Taking Vows — and Meaning It
The divorce rate is way down and Millennials should get a lot of the credit.
Say what you will about the Millennials — and we have — they seem to have at least one redeeming quality: Once they get married, they have been (so far) staying that way.
This is according to University of Maryland sociology professor Philip N. Cohen, who noted in his recent research paper on “The Coming Divorce Decline” that marriage is becoming “more selective, and more stable, even as attitudes toward divorce are becoming more permissive, and cohabitation has grown less stable.” Cohen’s research found that divorce rates declined a remarkable 18% between 2008 and 2016, and even adjusting for an aging population (divorce rates decrease as couples age) the difference was still statistically significant enough to lead to Cohen’s assertion.
Prevailing analysis of Cohen’s research has picked out two good reasons for this trend. First of all, Millennials are postponing marriage until they are more established, have better jobs, and so forth. Obviously some portion of this factor stems from the economic reality of that 2008-16 era, which encompasses most of the Great Recession. People who are once bitten by job loss may be twice shy about making lifetime commitments, but that also means those getting married are more mature and have learned that life is more than participation trophies.
But on the flip side, you have those on the lower end of the social ladder who are eschewing marriage altogether. “Marriage is more and more an achievement of status, rather than something that people do regardless of how they’re doing,” continued Cohen. It seems that marriage comes in most cases after a period of cohabitation, which separates prospective couples into two groups: those who get married are those who decide they finally have the means to make a more permanent go of it, even if it’s considered to be a “transactional marriage,” as Virginia Commonwealth University assistant professor of sociology Victor Tan Chen argued last year in The Atlantic. He noted that marriage rates have plummeted dramatically among middle-aged women without a bachelor’s degree over the last 40 years, to a point where just over half that cohort is married compared to three-quarters of those with a degree.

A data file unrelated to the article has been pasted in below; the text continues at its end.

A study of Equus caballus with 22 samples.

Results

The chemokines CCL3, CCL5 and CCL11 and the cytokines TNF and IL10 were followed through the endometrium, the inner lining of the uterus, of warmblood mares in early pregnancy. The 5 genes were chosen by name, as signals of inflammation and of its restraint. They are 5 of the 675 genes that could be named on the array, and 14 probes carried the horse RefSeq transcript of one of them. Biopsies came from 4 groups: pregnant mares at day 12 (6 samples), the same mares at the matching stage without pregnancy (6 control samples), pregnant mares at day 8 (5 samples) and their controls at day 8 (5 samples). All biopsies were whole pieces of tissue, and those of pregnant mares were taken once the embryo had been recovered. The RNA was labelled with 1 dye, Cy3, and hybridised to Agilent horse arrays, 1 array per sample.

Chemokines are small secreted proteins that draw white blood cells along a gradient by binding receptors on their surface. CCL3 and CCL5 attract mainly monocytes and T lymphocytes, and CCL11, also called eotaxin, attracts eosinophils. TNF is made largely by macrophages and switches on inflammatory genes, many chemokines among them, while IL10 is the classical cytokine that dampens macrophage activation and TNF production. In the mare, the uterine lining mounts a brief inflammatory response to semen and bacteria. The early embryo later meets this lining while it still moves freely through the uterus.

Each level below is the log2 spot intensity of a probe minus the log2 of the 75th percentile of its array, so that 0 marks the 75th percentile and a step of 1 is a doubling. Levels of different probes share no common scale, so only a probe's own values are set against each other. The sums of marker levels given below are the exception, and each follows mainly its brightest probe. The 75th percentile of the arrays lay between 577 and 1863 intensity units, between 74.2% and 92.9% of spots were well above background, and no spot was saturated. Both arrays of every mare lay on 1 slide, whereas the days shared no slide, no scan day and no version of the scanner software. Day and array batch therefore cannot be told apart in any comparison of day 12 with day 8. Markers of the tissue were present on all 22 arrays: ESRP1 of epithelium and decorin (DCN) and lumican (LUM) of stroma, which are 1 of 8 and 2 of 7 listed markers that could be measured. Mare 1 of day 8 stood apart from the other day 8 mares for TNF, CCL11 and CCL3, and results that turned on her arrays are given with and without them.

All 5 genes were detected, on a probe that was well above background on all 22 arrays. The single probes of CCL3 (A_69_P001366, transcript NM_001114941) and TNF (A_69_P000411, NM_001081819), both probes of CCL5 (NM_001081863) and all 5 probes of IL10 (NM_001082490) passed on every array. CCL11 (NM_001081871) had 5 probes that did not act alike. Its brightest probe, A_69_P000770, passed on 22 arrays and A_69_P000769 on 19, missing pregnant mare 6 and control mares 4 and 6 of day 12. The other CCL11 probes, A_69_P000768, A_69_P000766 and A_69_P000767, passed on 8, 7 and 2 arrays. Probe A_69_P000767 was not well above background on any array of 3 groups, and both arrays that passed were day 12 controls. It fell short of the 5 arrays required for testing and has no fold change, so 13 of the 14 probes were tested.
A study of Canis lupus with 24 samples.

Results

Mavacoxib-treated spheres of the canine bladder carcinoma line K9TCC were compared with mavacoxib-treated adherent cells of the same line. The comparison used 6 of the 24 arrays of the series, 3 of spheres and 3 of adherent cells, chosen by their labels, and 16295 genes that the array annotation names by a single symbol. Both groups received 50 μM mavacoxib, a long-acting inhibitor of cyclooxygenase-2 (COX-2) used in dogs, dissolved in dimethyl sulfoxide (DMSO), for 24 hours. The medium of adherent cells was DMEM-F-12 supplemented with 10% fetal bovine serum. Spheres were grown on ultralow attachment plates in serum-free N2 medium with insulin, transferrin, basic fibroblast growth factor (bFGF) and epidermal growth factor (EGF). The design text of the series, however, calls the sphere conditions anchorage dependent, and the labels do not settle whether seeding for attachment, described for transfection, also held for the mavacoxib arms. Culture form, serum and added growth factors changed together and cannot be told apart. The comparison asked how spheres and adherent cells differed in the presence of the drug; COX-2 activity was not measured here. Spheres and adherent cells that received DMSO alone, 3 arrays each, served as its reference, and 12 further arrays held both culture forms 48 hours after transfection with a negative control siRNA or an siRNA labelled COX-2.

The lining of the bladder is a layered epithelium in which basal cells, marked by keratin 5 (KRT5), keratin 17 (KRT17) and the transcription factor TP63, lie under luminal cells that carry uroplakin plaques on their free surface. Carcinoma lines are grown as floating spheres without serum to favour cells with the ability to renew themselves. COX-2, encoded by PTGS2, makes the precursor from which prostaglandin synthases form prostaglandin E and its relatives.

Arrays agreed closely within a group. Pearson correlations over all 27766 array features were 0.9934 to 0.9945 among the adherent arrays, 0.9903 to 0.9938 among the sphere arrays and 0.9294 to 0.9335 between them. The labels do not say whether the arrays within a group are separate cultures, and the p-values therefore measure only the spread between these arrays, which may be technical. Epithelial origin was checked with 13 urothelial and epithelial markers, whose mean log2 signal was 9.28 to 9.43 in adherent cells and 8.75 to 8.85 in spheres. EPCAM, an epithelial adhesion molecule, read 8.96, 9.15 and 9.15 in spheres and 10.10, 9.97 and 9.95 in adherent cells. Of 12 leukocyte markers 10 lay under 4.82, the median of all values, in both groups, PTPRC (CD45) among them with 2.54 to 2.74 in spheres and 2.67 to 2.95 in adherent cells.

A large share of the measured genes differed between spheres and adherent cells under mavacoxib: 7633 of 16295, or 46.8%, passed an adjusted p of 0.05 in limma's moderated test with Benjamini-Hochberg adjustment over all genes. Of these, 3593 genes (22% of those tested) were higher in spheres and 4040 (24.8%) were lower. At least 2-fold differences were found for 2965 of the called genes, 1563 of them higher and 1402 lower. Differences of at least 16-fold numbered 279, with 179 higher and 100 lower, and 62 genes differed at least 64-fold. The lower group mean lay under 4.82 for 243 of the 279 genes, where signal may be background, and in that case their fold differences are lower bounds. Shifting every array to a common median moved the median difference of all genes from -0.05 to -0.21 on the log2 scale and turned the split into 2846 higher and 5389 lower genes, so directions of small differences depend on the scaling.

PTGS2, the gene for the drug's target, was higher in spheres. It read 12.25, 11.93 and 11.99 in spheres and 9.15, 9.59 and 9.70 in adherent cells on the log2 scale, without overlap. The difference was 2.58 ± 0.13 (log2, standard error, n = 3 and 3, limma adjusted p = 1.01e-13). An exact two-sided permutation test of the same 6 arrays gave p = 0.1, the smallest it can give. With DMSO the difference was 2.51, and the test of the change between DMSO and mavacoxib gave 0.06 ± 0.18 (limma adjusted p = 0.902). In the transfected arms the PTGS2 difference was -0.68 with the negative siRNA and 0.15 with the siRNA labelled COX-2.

More prominent are those who can’t pull the trigger on commitment because of the worry about the cost of divorce — especially for men. “I grew up during that period [when divorce rates surged] and still recall any number of guys from my age group who swore off the idea of getting hitched,” wrote Jazz Shaw at Hot Air, “because they’d seen too many guys before them go from a house in the suburbs with a wife and two kids to a crappy apartment and alimony payments that sucked up more than half of their income.”
Since the divorce rate peaked in the early 1980s and had remained high until the last decade, Shaw’s experience was also the reality in which Millennials lived as kids. Almost every one of them have been touched by divorce and its strain on kids, whether observing friends or relatives being drawn through the emotional wringer of separation, divorce, and remarriage or living through it themselves. Seeing this, it’s no wonder they want to do something different and get it right. “The characteristics of young married couples today signal a sustained [divorce rate] decline in the coming years,” pronounced fellow sociology professor Susan Brown of Bowling Green State University.
This theory of lasting marriage may get a bit of a test in the near future. With the better economy of late, though, it’s possible more of those who were cohabitating for a long period may finally decide to make things legal, so to speak. Whether that brings the divorce rate back up is hard to say, but hopefully Millennials have learned through painful experience that they should look before they leap so they can keep the commitments they make.